Gov. Gary Herbert has a vetoed bill that would have allowed Utah residents to carry a hidden, unloaded gun without a permit.
The legislation was one of the most controversial to come out of the Utah Legislature this year.
In recent weeks, Herbert's office has received thousands of phone calls and letters from supporters and opponents of the bill.
After the legislative session ended, State Senator Lyle Hillyard, R-Logan, said he talked to a lot of legislators who said they strongly support gun rights and the 2nd Amendment, but they voted against the bill. Hillyard said that he voted against the bill too.
"I felt comfortable that our current gun laws are working fairly well, at least for concealed weapons. I just think that it's a good practice," Hillyard said. "If any of my clients as a lawyer were telling me they were going to get a concealed weapons permit I would say, 'Great, that's your Constitutional right. You should be able to pass a background test and be able to qualify.'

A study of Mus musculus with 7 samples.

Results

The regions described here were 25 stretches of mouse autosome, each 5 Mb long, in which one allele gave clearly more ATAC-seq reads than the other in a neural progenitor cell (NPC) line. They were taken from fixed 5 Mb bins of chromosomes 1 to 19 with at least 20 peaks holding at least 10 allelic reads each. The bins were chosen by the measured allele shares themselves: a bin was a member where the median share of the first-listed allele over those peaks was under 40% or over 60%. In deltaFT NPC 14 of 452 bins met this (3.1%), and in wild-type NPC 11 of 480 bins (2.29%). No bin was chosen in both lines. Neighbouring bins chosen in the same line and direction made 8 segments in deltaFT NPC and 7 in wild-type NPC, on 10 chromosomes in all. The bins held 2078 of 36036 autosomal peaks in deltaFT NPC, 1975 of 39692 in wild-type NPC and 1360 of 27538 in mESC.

"But I'd also say, 'You'd better learn everything you can about that gun. Because if your gun gets used the wrong way I don't think juries would be very forgiving of you.'"
Hillyard said the problem is that if police are called to a scene for some reason and you have a gun to protect yourself, police don't immediately know that is why you have it.
The bill would have allowed gun owners to carry a hidden weapon as long as it was unloaded. A permit would still be required to carry a hidden weapon on a school campus or to carry in another state that honors Utah's concealed weapon permits.
A gun is considered unloaded in Utah if there's no round in the chamber.